The L-Train Shutdown, or How I Will Stop Worrying and Love the Bus, the Bike, the Boat, and the G Train

Almost invariably, every time I meet someone new and tell them that I live in Williamsburg, I get asked this question: what ever will I do during the L Train Shutdown.

The “L Train Shutdown,” officially known as the Canarsie Tunnel Reconstruction project, will result in the closing of the Canarsie Tunnel between Manhattan and Brooklyn to repair the damage the tunnel sustained during Sandy in 2012. The closure will cease L train service in all of Manhattan and in Brooklyn west of Bedford Ave. The closure and repairs, announced at least a year ago, will start in April 2019 and are expected to last into summer 2020.

The shutdown will have a profound effect on the lives of thousands of people, and like an old boss of mine used to say, “shit rolls downhill.“ I expect the L Train Shutdown will disproportionally affecting New Yorkers depending on their class, similar to what happens after a blizzard or major snow storm. The poor will have to endure the trains and busses to schlep to work because they have inflexible work arrangements, while affluent professionals will be able to stay home and “remote” into work.

But for all its disruption, the L Train Shutdown could also be an opportunity to remake transportation in North Brooklyn and in downtown Manhattan. Earlier this week, we learned how the MTA and New York City Department of Transportation plan to implement numerous mitigations for those traveling between Brooklyn and Manhattan during the fifteen months that the Canarsie Tunnel repairs will be underway. Many of the changes are additions that could very well make commuting between Brooklyn and Manhattan easier, even after the Canarsie Tunnel repairs are done.

In short, the two agencies plan to…

  • restrict automobile traffic on the Williamsburg Bridge to vehicles carrying three or more people, known as HOV-3, during weekday rush hours,
  • launch a ferry route between the North Williamsburg ferry terminal and Stuyvesant Cove in Manhattan,
  • add extra capacity on the J,M,Z C and G trains, including adding cars to trains and extending station platforms,
  • add a dedicated bus lane and Select Bus Service on 14th Street in Manhattan,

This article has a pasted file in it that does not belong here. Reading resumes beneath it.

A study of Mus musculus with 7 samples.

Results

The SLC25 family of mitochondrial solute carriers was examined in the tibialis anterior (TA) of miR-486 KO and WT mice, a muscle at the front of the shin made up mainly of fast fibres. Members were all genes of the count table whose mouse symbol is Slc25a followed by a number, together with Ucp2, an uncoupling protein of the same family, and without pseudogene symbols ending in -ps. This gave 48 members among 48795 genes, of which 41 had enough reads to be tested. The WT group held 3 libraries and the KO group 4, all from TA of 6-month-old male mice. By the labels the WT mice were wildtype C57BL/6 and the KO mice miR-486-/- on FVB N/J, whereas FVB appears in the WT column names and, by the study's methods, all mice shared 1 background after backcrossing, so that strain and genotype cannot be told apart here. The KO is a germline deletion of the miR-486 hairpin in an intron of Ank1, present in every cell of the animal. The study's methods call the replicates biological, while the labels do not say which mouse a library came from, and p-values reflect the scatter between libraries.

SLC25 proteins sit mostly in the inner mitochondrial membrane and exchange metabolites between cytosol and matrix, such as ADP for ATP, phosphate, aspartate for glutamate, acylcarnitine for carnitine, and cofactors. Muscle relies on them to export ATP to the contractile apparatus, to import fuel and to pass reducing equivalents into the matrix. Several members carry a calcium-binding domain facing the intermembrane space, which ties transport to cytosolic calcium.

• add protected bicycle lanes on Grand Street in Brooklyn and Delancey Street in Manhattan to accommodate twice as many bicycle riders as there are now,
  • build a two-way protected bicycle lane on 13th Street in Manhattan,
  • add bus shuttle routes from Bedford Avenue and Grand Street stations in Brooklyn to “key connection points” in Manhattan.

These are some pretty aggressive measures to transport people between Manhattan and Brooklyn, and I hope that many of them stick around beyond 2020. For example, it would be great to have a dedicated right-of-way for busses on 14th Street even after the L train starts running again in Manhattan. There has been a need for a Select Bus Service route on 14th Street for as long as the MTA started SBS in 2004, and I’m glad to see it is coming to 14th Street. Also, the new protected bicycle lanes will likely remain in place after 2020 because everyone will just get used to them.

Imagine how many more people can travel between Manhattan and Brooklyn with these additional transportation options after the L train service resumes in 2020. Between this and being able to vote President Pence out of office, I finally have reason to look forward to the future. I’m giddy just thinking about it.

One can already see some of the changes taking shape. Many station platforms on the G line are being extended to accommodate more passengers and longer trains. The M line viaduct reconstruction is also happening in preparation to receive future displaced L-train passengers. And as I wrote earlier this year, there are new east-west bike lanes running on Meserole and Scholes Streets to handle the additional bicycle traffic the DOT anticipates during the L Train Shutdown.

Finally, if you are wondering what ever will I do during the L Train Shutdown, you won’t be surprised to hear that I plan to primarily use my bike. I only regularly travel to Manhattan on a couple of days per week and on most of those days, I ride my bike. Because the L Train Shutdown is starting in April, it only leaves about three winter months when there are days that are too cold to ride. Case in point: I rode yesterday and today because temperatures were in the 20s and 30s, but if this were December 2019 with no warm L train to zip me to and from Manhattan, I likely would have bundled up and gotten on my bike.

But 2019 is still 15 months away—as far away as the L Train Shutdown is expected to last. A lot of life changes can happen between now and then, and who knows if there even a need for me to worry about all this.